What’s your utopia?

Utopia gets a bad rap. If someone calls you or your idea “utopian,” they usually mean it as an insult, a synonym for naïve and unrealistic. But everyone should envision an ideal world. Even if you doubt your utopia is attainable, it can serve as a useful thought experiment. Imagine a really good world, and imagine how we can get there. All progress begins with such wishful thinking. That’s why I like asking students, What’s your utopia? I recently posed this question to a class of freshmen. Below are excerpts from their responses.—John Horgan

Nazrin: I imagine a world without greed, hunger, thirst, violence, but with subtle pains that make our happy moments even more valuable and precious. I imagine a feeling of love and welcoming no matter who we are or where we go. I imagine a world where numbers don’t define us, and where everyone is free to roam without holding a mask (or several) in front of his or her face. I imagine a world where sicknesses are cured by love and the desire to live.

Jesse: My utopia is a world where the rat race no longer exists. Why is it that people find it normal to slave away all their lives for a minuscule reward in the end? Why is it that wanting to enjoy life and take breaks is frowned upon? We have followed the same pattern for centuries, but it is time for a change. Instead of one long and boring retirement at the end of our lives, why not enjoy mini-retirements throughout our lives?

Amanda: My utopia would be one with no death. I’ve dealt with so many deaths of family members in the past 4 years. Every time, I feel a little more alone, and a little more like life sucks. People always tell me that good things will happen to good people, and bad things to bad. But my grandpa, grandma and uncle were selfless people who had a hard life. Time and again I would see them in pain, and then in the end I lose them to cancer. Why? I don’t understand and I want it to stop. This is my unicorn and rainbow-like utopia.

Anjali: Everyone will keep their front doors open to let in the fresh air. There will be no harsh winters. A little snow is okay for Christmas. When it rains, the clouds shouldn’t be all gloomy, and there will be no pollution or acid rain. Everyone’s house will have a compost bin and a garden. No families will be separated because they are across the border in another country. Everyone should be able to visit other countries without visas. This can be possible if everyone has a good heart.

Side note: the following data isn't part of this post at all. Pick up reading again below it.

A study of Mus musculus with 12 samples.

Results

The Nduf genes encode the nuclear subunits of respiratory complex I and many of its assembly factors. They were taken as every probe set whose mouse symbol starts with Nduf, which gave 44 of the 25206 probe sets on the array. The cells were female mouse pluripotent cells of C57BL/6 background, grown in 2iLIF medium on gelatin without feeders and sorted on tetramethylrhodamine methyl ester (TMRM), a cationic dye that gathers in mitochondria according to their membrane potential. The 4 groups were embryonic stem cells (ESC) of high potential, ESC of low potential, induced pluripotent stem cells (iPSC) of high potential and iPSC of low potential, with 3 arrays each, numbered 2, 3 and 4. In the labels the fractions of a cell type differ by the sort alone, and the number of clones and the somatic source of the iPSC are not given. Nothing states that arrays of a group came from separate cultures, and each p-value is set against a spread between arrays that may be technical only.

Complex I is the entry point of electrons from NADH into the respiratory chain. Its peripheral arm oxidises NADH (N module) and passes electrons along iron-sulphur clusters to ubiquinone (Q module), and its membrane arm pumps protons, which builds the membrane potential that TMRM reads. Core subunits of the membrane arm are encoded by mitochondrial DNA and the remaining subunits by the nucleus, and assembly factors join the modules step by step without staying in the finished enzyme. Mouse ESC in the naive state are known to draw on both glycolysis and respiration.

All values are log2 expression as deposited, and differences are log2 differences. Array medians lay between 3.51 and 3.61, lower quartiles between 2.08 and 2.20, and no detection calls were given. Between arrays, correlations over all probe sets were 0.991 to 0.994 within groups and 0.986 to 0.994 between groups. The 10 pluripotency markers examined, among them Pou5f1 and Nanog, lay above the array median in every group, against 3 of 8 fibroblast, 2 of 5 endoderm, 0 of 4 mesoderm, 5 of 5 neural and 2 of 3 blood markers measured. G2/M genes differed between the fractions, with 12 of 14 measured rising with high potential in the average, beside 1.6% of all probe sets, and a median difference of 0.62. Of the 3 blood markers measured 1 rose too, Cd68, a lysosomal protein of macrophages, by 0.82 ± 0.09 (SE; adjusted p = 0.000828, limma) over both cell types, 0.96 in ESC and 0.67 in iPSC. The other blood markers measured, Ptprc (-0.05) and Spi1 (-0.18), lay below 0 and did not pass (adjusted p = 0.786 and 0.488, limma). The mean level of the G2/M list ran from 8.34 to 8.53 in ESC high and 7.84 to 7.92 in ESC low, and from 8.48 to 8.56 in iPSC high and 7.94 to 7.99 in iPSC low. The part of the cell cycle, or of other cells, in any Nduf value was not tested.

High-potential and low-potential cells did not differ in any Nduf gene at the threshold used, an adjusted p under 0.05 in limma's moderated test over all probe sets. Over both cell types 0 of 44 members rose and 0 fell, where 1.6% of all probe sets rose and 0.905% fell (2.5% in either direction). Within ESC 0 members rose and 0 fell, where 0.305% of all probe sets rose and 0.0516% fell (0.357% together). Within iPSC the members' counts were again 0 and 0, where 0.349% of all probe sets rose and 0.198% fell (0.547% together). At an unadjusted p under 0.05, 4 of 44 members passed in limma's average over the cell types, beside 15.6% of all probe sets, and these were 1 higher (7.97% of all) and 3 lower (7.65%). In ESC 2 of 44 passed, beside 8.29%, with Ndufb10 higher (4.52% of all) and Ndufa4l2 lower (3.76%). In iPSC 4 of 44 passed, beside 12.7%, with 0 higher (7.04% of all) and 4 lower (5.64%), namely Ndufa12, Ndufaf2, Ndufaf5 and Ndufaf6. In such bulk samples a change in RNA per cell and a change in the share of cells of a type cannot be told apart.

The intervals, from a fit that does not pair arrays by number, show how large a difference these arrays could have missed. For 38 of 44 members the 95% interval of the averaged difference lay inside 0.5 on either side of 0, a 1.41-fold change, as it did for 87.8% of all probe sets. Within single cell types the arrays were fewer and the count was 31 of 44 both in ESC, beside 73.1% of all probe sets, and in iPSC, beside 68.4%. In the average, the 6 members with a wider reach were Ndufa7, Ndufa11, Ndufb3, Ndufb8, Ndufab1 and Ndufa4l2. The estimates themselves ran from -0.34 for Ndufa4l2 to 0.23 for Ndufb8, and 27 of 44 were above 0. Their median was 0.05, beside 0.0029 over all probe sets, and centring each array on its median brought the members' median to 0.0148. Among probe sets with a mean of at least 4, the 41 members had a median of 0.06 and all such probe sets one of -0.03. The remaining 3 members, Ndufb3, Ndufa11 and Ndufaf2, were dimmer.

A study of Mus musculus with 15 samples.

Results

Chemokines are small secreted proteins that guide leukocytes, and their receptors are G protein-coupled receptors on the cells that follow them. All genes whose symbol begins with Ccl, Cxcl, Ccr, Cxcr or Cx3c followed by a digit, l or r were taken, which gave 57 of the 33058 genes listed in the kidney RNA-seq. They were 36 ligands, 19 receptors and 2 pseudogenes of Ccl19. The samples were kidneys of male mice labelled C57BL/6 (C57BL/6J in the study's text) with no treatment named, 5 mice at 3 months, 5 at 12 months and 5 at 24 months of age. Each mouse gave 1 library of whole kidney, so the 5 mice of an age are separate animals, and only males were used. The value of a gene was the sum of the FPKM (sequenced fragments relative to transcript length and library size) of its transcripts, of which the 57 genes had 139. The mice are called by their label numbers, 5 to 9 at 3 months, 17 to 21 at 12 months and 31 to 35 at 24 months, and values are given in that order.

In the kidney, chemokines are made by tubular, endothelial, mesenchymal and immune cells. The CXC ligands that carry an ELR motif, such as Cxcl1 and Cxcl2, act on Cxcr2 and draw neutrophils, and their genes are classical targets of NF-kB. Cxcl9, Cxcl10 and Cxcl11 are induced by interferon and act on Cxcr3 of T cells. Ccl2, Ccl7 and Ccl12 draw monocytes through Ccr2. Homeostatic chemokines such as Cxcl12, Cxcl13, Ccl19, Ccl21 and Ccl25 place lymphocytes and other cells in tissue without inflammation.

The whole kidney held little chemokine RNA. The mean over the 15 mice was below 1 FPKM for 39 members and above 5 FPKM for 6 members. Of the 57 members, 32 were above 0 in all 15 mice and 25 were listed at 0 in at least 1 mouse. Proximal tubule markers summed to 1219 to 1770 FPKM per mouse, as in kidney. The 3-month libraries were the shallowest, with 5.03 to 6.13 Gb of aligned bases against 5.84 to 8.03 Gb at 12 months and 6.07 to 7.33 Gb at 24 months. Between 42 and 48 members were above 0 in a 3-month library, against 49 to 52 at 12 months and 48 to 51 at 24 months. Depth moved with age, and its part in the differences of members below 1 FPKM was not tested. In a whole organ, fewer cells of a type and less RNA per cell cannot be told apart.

Hannah: I would be living in a lake house with my dogs. I would work a job I loved, and get paid well doing it. The weather would be a perfect 70-80 degrees and sunny every day, because why not? Actually, I’ll just control the weather myself.

Sean: Everyone has only one priority: making the world better for all. Issues that would normally lead to war are now resolved through a friendly pickup baseball game.

Jyotsna: In my utopia there would be no need for environmental alarm. People would respect nature. Politics would be about the betterment of people, not power or personal gain. I would be friends with Robert Redford. Also, colleges would be free, or at least cheaper.

Zachary: A utopian world is impossible. The problem is, in my utopia the laws and common beliefs would be similar to ones I hold. I want people to agree with me, but I realize I am not always right and will have something to learn. Basically everyone would need to agree but also hold differing opinions, which is impossible.

Ryan: Some of the conflict that comes from an imperfect world makes it better. I wouldn’t want scientists, philosophers and other intellectuals to have all the answers. They should have different views, because debates are often entertaining and make life more worth living. Competition can also give meaning to life. Utopia should have a certain amount of inequality to make things interesting, but not a staggering amount to where people suffer because of it. Utopia isn’t a completely perfect world, but a world with the perfect amount of imperfection.

John Horgan directs the Center for Science Writings, which is part of the College of Arts & Letters. This column is adapted from one published in his ScientificAmerican.com blog “Cross-check.”